EPRI Develops Classification Scheme to Help Protect Nuclear Plants from Cyber Attacks
A term of art in cybersecurity is “attack surface analysis,” and it’s a key to the process that EPRI is developing for nuclear plants to help identify and block entry points for cyber attacks before hackers can find them.
“Attack surface is a more precise way to talk about the types of holes or doors into your device,” said EPRI Senior Technical Leader Matt Gibson.
The U.S. Department of Homeland Security logged more than 256 industrial cyber security incidents in 2013, more than half of them in the energy sector. Targets included power plants and critical grid infrastructure. Power plants historically operated with isolated, proprietary control systems, but with the advent of regional power pools and smart grids, they’re increasingly connected to the outside world. Cyber attackers can potentially exploit hundreds of digital components. These range from simple switches and measuring devices to complex computerized systems that monitor and balance electricity flow to and from the plants. All of these create myriad electronic pathways that must be properly secured.
According to Gibson, nuclear power plants already have significant cyber security. The most sensitive control equipment, which monitors, manages, and protects plant process systems, is not connected to the Internet. However, the attack surface includes interfaces where patches and updates are added from portable storage media, and those surfaces must be digitally secured.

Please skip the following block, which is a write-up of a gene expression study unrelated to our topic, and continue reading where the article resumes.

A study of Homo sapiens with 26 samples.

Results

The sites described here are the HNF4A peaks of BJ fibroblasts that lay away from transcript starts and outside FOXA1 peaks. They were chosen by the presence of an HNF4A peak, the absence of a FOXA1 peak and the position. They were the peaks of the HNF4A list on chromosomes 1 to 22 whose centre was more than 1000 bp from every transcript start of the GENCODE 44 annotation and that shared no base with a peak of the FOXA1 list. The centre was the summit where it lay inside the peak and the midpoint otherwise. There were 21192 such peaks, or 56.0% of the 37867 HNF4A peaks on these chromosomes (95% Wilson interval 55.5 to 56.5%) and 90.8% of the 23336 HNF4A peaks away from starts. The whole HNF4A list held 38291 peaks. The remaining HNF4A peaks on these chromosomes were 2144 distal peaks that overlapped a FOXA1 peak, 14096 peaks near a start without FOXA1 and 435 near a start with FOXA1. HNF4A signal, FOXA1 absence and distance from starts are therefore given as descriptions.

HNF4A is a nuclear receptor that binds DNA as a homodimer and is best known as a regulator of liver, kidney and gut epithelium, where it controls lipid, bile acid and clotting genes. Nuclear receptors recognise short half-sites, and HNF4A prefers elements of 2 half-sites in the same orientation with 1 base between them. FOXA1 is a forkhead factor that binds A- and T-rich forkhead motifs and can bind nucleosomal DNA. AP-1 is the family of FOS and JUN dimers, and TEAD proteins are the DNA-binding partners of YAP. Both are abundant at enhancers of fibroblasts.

“While nuclear plant owners have committed significant resources to cyber security, the industry always takes a ‘belt and suspenders’ approach to safety,” said Gibson. “Nuclear operators wanted EPRI to provide a systematic way to verify that potential vulnerabilities are being identified. They want to confirm that they are at the level of technical detail needed to secure plant systems and allocate security budgets effectively.”
Organizing Attack Surfaces into Profiles
EPRI is developing and validating an integrated classification scheme that recognizes when attack surfaces of different plant equipment are the same. Based on the classification, researchers can identify measures to block each potential attack pathway, regardless of the specific device.
“A lot of different devices have the same cyber attack surface,” Gibson said. “We are trying to organize those attack surfaces into a set of characteristic profiles so utilities don’t have to analyze every single device. If your attack surface matches a profile, that will give you things you can do to protect the device.”
To classify attack surfaces methodically, researchers began with small, single-function digital devices, which typically have fewer external interfaces. Devices such as valve actuators, valve positioners, and instrument transmitters do not have general purpose network connections or memory cards and other removable media. Researchers are finding that they have smaller attack surfaces.
Nevertheless, it is proving essential to analyze devices individually. “Devices with more complex functions do not necessarily have a larger attack surface,” said Gibson. “Complex controllers can have a small attack surface, while functionally simpler devices may have multiple points for potential intrusion. It is challenging analysis.”
Expanding the Analysis
EPRI will apply the analysis to progressively more complicated equipment, such as network interfaces and programmable devices, which tend to have larger attack surfaces as a consequence of multiple points of interface with other systems.
The attack surface approach is enabling EPRI to develop a methodology that can be applied consistently across devices, nuclear plants, and the industry. The project’s first technical report was issued in 2015. EPRI will test the approach at operating nuclear plants in 2016.